House and Senate committees hold hearings on PFAS chemical exposure


Both the House and Senate held separate subcommittee hearings this month to address the emerging health and environmental impacts of per- and polyfluoroalkyl substances (PFAS). PFAS are a group of manufactured chemicals used in a variety of industries around the world, including in firefighting foam and many household products.

According to the Environmental Protection Agency (EPA), exposure to PFAS can lead to adverse human health effects. Studies indicate that PFAS can cause reproductive and developmental, liver and kidney, and immunological effects in laboratory animals. Though PFAS have been employed since the 1940s, a 2016 EPA drinking water health advisory has led to a recent increase in state regulation and litigation to limit their usage.

The House Energy and Commerce Subcommittee on Environment held a hearing on September 6, 2018, entitled “Perfluorinated Chemicals in the Environment: An Update on the Response to Contamination and Challenges Presented.” The hearing aimed to initiate a governmental dialogue on PFAS and included seven witnesses from environmental advocacy groups and federal and state agencies and departments.

“[This hearing] means taking stock of what the government knows about PFAS, what efforts to contain its contamination have promised [sic], and what is preventing people from being helped with cleanup or avoid contamination of the air, soil, and water,” Subcommittee Chairman John Shimkus (R-IL-5) said.

In his opening statement, Dr. Peter Grevatt, director of the Office of Ground Water and Drinking Water at the EPA, identified protecting America’s drinking water as one of the EPA’s top priorities. According to Dr. Grevatt, under the Toxic Substances Control Act, the EPA has issued significant new use rules (SNURs) for PFAS chemicals to guard against their reintroduction into products. Under the Safe Drinking Water Act, the EPA has monitored the presence of six PFAS since 2012 to understand the occurrence of these chemicals in drinking water systems. The EPA is also working to push research forward on PFAS to better understand their health impacts.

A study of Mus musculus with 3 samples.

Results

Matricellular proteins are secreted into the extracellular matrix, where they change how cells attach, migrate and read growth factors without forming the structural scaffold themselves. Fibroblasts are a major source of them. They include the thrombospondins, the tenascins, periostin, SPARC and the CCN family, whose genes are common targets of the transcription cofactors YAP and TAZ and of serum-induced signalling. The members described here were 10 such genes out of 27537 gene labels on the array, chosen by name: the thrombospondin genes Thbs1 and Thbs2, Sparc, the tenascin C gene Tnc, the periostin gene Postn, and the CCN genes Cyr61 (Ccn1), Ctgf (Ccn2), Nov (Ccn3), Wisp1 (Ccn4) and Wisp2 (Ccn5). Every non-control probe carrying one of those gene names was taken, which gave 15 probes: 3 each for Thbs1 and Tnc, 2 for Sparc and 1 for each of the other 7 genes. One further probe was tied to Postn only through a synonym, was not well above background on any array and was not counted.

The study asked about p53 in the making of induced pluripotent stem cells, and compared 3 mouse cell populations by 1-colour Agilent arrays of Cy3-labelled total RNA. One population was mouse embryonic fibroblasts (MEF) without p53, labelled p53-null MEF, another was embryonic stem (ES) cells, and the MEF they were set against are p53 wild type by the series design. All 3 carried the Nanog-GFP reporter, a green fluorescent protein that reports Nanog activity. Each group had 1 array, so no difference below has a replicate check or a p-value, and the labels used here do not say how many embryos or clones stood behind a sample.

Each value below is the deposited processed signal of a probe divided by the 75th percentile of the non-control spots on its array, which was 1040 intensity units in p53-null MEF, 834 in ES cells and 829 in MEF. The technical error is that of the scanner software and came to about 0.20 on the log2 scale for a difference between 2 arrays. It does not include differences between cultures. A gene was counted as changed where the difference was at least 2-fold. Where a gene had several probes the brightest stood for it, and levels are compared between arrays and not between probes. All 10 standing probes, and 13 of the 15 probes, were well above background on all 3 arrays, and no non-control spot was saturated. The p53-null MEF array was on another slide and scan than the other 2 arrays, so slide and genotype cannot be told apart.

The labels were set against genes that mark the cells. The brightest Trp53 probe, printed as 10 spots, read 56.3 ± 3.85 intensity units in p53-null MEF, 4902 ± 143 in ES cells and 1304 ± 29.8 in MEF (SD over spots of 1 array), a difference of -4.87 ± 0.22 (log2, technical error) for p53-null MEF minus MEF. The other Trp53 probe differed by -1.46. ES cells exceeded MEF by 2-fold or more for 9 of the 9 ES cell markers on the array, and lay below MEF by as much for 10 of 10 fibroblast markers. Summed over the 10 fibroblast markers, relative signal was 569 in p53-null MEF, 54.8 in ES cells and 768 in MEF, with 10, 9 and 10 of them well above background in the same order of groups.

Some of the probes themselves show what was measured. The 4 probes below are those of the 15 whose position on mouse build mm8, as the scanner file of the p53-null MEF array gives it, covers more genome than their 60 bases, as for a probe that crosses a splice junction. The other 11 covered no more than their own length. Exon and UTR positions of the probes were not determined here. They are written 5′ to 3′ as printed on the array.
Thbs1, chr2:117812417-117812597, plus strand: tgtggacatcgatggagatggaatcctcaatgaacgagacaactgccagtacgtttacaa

The Senate Homeland Security and Governmental Affairs Subcommittee on Federal Spending Oversight and Emergency Management held their respective PFAS hearing three weeks later on September 26, 2018. The hearing, entitled “The Federal Role in the Toxic PFAS Chemical Crisis,” featured two of the same witnesses, Dr. Grevatt and Maureen Sullivan, the deputy assistant secretary of defense for environment at the Department of Defense (DOD).

Instead of leading the hearing as the top-ranking majority member, Subcommittee Chairman Rand Paul (R-KY) yielded to Ranking Member Gary Peters (D-MI) to lead the meeting because of Senator Peters’ personal connection to the subject: according to the Environmental Working Group, Michigan has the most known PFAS contamination sites in the United States.

Sullivan said during introductory marks at the Senate hearing that the DOD has been leading the way to address the use of PFAS. After the EPA advisory in 2016, the DOD tested 524 drinking water systems that serve two million people on DOD instillations worldwide. The DOD then followed recommendations to provide bottled water or additional treatment in those locations.

Prior to the two hearings, Senator Debbie Stabenow (D-MI) introduced two bills on August 23, 2018, that seek to address the PFAS crisis.

S. 3382, the PFAS Detection Act of 2018, would require the U.S. Geological Survey to perform a nationwide survey of PFAS contamination. S. 3381, the PFAS Accountability Act of 2018, would encourage federal agencies to coordinate with states on cleaning up PFAS pollution. Both bills have support from senators on both sides of the aisle.

Sources: American Bar Association; E&E News; Environmental Working Group; U.S. Environmental Protection Agency; U.S. House of Representatives, Committee on Energy and Commerce; U.S. Senate, Committee on Homeland Security and Governmental Affairs.